Rishi Sunak’s spending review came as no big surprise. After explaining that the economy had shrunk more than ever - 11.3% - which is the most in 3 centuries (but we heard that last time!) and that public debt is the highest since WW2, he presented public sector workers with a bill. Yes, another pay freeze - or “pay pause”, as he put it.
This is meant to save the government up to £23bn over 3 years. Never mind that it could afford to throw more that half of that amount, in fact £12.2bn, down the plughole, on that failed Serco Test&Trace contract...which just bungled follow-ups yet again, this time “losing” 110,000 positive cases! Or that it happily afforded all those other deals for Tory "chums", whether for the wrong PPE, phone apps which didn’t work, LightHouse labs whose test results got lost, etc., etc...
Johnson’s and Sunak’s “priorities”, above all, involve cheering up their reactionary backbenchers and the bosses behind them, by giving public sector workers a good bashing. It’s their favourite old bugbear.
So civil servants, teachers, firefighters, even police, will face a pay cut next year, since inflation is due to rise like a balloon. There will be a few who get a rise - the grand sum of £250, for those earning less than £24,000. And Count Dracula Sunak did not dare cut the pay of exhausted doctors and nurses, currently struggling on the frontline to save lives - thanks to all the help Johnson’s policies have given to the coronavirus.
But of course, if this is the worst crisis in peacetime, and what’s more, unemployment is due to rise to 7.5% next quarter, then the amount Sunak is “spending” is far too little! 600,000 more children have sunk into poverty since the pandemic began and there are 2m poor people using foodbanks. But he did not even pledge to make permanent that temporary £20/week rise in Universal Credit.
Johnson rattles his sabre
While Sunak’s spending review was no revelation, what was not expected was last week’s announcement by Johnson of “the biggest defence investment since the end of the cold war”- as the newspapers put it.
Another £16.5bn spending boost, on top of the already huge military budget of £41.5bn, will “end the era of retreat”said Johnson, bringing spending up and “pioneering new technology”...
Johnson’s explanation was almost comical: “I have taken this decision in the teeth of the pandemic because the defence of the realm must come first”.So he was being very brave (facing the spikes of the virus?) and was defending the “realm”! But against whom?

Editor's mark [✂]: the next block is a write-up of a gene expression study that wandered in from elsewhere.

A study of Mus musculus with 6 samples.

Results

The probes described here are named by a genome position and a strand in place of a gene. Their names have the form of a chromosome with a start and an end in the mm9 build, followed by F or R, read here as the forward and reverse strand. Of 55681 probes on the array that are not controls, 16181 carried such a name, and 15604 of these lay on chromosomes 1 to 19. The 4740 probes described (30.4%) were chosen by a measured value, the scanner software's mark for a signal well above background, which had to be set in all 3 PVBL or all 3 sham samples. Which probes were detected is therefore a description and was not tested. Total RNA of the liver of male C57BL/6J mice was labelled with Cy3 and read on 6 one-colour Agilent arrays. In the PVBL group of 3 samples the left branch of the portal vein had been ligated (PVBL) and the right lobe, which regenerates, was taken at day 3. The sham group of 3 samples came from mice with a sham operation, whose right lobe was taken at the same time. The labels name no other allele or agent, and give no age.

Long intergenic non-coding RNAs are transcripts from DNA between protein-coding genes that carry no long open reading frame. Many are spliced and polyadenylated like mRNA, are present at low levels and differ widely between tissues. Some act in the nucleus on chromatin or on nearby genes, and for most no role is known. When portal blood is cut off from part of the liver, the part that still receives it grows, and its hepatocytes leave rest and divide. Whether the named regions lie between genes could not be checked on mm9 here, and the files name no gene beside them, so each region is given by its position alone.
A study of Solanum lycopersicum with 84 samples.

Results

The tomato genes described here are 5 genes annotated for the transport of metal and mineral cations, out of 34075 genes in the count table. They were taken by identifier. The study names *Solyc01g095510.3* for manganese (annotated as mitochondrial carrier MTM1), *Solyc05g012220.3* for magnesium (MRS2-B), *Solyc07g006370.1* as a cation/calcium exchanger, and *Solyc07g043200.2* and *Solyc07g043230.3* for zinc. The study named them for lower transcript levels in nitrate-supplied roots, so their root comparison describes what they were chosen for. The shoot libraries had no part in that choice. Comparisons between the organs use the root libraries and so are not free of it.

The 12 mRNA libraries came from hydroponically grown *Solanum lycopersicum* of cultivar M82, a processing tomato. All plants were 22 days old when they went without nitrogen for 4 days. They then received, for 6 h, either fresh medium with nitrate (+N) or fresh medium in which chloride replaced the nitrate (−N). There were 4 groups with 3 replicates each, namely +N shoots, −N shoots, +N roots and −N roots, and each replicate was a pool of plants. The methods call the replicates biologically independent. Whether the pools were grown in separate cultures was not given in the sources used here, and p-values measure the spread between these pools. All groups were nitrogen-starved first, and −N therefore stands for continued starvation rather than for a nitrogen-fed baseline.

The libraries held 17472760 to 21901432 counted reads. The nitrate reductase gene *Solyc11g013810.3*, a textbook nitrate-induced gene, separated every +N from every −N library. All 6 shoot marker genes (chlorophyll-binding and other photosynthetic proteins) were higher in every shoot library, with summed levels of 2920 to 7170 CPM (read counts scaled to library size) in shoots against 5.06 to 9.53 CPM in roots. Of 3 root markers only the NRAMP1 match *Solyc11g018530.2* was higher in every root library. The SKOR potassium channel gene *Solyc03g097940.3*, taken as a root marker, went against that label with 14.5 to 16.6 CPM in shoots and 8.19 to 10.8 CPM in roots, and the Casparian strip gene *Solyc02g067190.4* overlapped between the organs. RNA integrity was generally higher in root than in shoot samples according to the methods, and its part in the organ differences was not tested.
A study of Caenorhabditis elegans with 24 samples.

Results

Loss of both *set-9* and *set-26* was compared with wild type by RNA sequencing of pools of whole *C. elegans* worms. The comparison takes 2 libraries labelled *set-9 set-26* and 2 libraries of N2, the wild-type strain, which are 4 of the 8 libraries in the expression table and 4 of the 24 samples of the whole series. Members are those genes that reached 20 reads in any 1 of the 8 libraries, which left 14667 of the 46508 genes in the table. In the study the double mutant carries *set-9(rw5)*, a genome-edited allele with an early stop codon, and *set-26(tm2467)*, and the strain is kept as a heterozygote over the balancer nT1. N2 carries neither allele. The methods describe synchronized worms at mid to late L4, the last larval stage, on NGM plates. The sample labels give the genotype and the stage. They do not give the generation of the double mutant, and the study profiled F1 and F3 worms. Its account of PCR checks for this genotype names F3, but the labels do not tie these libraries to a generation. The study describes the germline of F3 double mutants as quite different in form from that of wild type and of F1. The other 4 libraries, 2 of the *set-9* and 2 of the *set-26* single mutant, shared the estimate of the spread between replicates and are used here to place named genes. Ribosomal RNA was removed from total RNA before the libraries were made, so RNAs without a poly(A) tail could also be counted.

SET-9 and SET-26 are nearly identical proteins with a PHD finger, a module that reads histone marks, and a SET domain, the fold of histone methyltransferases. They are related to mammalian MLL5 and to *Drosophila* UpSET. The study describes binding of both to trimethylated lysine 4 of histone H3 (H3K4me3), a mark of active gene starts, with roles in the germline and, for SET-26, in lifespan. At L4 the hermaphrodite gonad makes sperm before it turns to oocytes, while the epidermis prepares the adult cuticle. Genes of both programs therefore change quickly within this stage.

It sounded as if Johnson was preparing for war. But despite the recent upping of rhetoric (following soon-to-be-gone Trump) against China, Russia and Iran - and despite the fact that rash actions can never be ruled out, this is unlikely.
No, this announcement was perfectly timed to coincide with the last stage of the Brexit talks. The transition period is almost over and it is just days before Brexited Britain finally sails off, all on its own, into the blue yonder!
And there are certainly many in the establishment who are worried about the “strategic” consequences of this for Britain: what John Major described as a solitary “second rate power”,facing the world, after leaving the security of the EU...
They only like bomb-strikes
In fact, it was quite significant that Brexit and its high cost (whether there is a deal with the EU or whether Britain leaves on WTO terms with high tariffs) were not even mentioned in Sunak’s speech. And ironically (and implausibly!), when he mentioned the rise in defence spending, it was to say that it would cushion the cut he was making in overseas aid. A cut which he claimed was necessary to satisfy the “British people”, but of course, was really to please his narrow nationalist, xenophobic back-benchers. And how would it do so? By ensuring that the overseas poor, as in Yemen, were bombed much better next time?
The same right-wing chorus on Tory benches has had a fit over the fact that some of the public sector unions said they might ballot for strike action over the pay freeze. Apparently it’s fine to be slaving away at work during a pandemic, exposing yourselves and others to Covid, but if you refuse to work, and down tools, that’s endangering public safety!
Of course, public sector workers would be right to fight for decent pay. Their pay is still 1.3% below its 2010 level! But there are also more fundamental fights to be had. For instance over the degraded conditions of workers who are nominally “private”, but who actually carry out public service on the minimum wage - and without sick pay. A collective fight over these issues could bring all workers, whether public or private, together.